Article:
TEARS, JOY IN TANZANIA
Tanzanians are caught in an emotional web of mourning their former President, the late President John Magufuli and celebrating the new one, Samia Suluhu Hassan. In this report, Christiana Babayo wrote on what the future portends to Tanzanians.
Following the death of the President John Magufuli, his Vice, Samia Suluhu Hassan has been sworn in as Tanzanian President to lead the country for the four-and-a-half-year remainder of Magufuli’s term, making her the first female President in the East African nation and the 6th President of Tanzania.
The former President John Magufuli who died of heart complications on the 17th of March 2021, was serving his second tenure in office with Samia as his vice before his demise. His demise was announced by Samia, the vice while also declaring a 21 day mourning for the irreparable loss.
“It is with deep regret that I inform you that today… we lost our brave leader, the president of the Republic of Tanzania, John Pombe Magufuli” Hassan said.
Samia Suluhu Hassan born 27 January 1960 is a politician from Tanzania and the sixth president of Tanzania having assumed office on 19 March 2021. She is a member of the ruling Chama Chan Mapinduzi (CCM) Party and the first woman to hold the position in Tanzania.
Having completed her secondary education in 1977 and began working, she subsequently pursued a number of short-courses on a part-time basis then in 1986, she graduated from the Institute of Development Management with an Advanced Diploma in Public Administration. Between 1992 and 1994, she attended the University of Manchester and graduated with a Post graduate Diploma in Economics after which in 2015, she obtained her MSc in Community Economic Development via a Joint-Programme between the Open University of Tanzania and Southern New Hampshire University.
Suluhu has also served the country in various capacities, she served as a Minister in the semi-autonomous region during the administration of President Amani Karume then as Member of Parliament for Makunduchi constituency from 2010 to 2015, and was also the Minister of State in the Vice-President’s Office for Union Affairs from 2010 to 2015. Then in 2014, she was elected as the Vice Chairperson of the Constituent Assembly tasked with the drafting of the country’s new constitution.
The sexagenarian became Tanzania’s first female Vice-President following the 2015 general elections, after being elected on the CCM ticket with President Magufuli. Both were re-elected to a second term in 2020.
Meanwhile leaders and countries have continued to sympathize with Tanzanians over the great loss of John Magufuli who a lot have termed as a legacy that cannot be forgotten in a hurry. Officials in countries including Uganda and Rwanda also sent condolences.
Neighboring Kenya marked his death by flying flags at half-staff and observing a seven-day national mourning period. President Uhuru Kenyatta, who chairs the East African Community, of which Tanzania is a member, praised the late leader for the work he did for the country. In his words,
“Africa and the world have lost a lustrous leader whose vision, passion and immense leadership propelled the nation of Tanzania forward and also steered the East African Community to closer integration. On the continental stage, the late President Magufuli was a champion of pan-Africanism and the passing on President Magufuli — I have lost a friend, a colleague and a visionary ally.”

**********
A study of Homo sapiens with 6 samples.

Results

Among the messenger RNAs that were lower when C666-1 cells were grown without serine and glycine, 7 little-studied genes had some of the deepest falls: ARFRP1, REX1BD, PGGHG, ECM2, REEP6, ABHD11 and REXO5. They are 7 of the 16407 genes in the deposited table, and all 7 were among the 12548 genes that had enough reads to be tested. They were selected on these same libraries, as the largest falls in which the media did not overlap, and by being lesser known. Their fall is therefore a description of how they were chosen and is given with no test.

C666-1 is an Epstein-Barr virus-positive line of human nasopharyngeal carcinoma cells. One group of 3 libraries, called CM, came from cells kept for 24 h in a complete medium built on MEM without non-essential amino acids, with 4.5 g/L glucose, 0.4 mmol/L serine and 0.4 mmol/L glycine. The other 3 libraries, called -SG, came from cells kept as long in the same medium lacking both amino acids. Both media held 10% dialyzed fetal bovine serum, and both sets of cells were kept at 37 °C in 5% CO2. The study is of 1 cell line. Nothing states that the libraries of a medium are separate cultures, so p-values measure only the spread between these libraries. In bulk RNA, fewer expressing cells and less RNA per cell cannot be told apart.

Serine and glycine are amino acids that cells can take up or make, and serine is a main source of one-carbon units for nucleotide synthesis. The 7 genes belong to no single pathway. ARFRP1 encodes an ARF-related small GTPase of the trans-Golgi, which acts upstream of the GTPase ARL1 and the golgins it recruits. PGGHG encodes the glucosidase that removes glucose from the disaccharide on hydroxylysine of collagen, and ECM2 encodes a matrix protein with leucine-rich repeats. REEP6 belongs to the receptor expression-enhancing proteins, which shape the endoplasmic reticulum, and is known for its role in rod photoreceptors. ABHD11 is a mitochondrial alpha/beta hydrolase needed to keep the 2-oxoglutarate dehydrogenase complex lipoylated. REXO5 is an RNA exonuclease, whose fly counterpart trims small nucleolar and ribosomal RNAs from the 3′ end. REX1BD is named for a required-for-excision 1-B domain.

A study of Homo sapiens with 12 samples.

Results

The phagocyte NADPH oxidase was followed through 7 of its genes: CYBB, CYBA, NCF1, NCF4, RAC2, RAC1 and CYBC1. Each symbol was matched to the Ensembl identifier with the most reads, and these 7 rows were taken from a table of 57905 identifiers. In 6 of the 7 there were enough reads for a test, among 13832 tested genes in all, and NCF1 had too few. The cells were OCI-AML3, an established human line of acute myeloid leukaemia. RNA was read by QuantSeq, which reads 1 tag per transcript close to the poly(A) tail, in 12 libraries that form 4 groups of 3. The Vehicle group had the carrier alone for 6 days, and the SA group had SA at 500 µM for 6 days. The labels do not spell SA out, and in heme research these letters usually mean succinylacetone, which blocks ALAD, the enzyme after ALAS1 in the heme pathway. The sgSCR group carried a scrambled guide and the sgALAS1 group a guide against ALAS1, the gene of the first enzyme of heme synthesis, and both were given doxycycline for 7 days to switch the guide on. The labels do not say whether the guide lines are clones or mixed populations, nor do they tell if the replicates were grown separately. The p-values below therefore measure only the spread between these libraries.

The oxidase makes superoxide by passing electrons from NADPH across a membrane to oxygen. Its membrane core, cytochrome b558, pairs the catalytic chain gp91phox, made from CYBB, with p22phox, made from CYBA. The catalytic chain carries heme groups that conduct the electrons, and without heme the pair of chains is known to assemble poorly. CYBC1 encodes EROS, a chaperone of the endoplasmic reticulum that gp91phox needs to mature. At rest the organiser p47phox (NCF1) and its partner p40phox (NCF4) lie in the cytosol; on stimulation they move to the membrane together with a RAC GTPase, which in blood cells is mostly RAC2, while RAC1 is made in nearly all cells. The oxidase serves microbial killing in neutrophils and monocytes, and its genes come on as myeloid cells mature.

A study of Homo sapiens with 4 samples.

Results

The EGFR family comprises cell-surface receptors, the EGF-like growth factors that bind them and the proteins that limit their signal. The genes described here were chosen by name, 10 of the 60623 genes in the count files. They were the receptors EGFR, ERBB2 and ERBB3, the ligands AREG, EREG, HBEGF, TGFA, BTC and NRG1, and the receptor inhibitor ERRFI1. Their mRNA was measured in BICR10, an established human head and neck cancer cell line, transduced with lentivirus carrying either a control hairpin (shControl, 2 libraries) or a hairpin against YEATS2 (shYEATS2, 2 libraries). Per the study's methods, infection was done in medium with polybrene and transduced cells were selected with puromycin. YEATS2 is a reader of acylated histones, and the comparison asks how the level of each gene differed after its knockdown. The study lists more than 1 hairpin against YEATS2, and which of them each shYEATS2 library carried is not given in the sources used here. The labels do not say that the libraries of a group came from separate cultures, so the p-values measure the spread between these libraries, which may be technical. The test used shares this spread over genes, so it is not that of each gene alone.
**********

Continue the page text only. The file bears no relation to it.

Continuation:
Former Nigerian President Goodluck Jonathan called Mr Magufuli a “partner in democracy” and a “patriot who loved his country”.
The Late Magufuli who won his second term in office last October after an election marred by opposition group intimidation came to power in 2015 on a platform of fighting corruption. It was reported that he would appear in government offices unannounced to catch employees not serving the public. In a Nigerian slang, his death can be described as “an Iroko tree that has fallen” and he will be remembered for his good deeds and his service to his country despite a few complains here and there.
Although Opposition politicians said last week that he had contracted Covid-19, but this has not been confirmed even though Mr Magufuli was one of Africa’s most prominent coronavirus sceptics, and called for prayers and herbal-infused steam therapy to counter the virus.
The newly sworn in President, Samia is a high ranking woman in the politics of Tanzania despite been looked down upon by her male colleagues because of her gender. It will be little wonder if she is been looked down upon or belittled now that she is occupying the number on seat in the country, the first of her kind in the history of the country. But given her antecedents and reputation in politics, she is likely to thrive and survive the “gender-stereoptype” infected waters of politics in Africa.
Judging from the comments of people who have watched her closely, she is the right woman for the job. One MP, January Makamba, who worked with her in the vice-president’s office, has called her “the most underrated politician in Tanzania”.”I have observed at close quarters her work ethic, decision-making and temperament. She is a very capable leader,” he noted.
Samia, against all odds is now the Commander-in-Chief of armed forces according to constitutional rights. The 61-year-old is affectionately known as Mama Samia – in Tanzanian culture that reflects the respect she is held in, rather than reducing her to a gendered role. With the support and cooperation of the good people of Tanzania, she could do for them what they never imagined. After all, it has been said that “we can either work together as brothers or perish together as fools”. The ball now lies in the court of Tanzanians.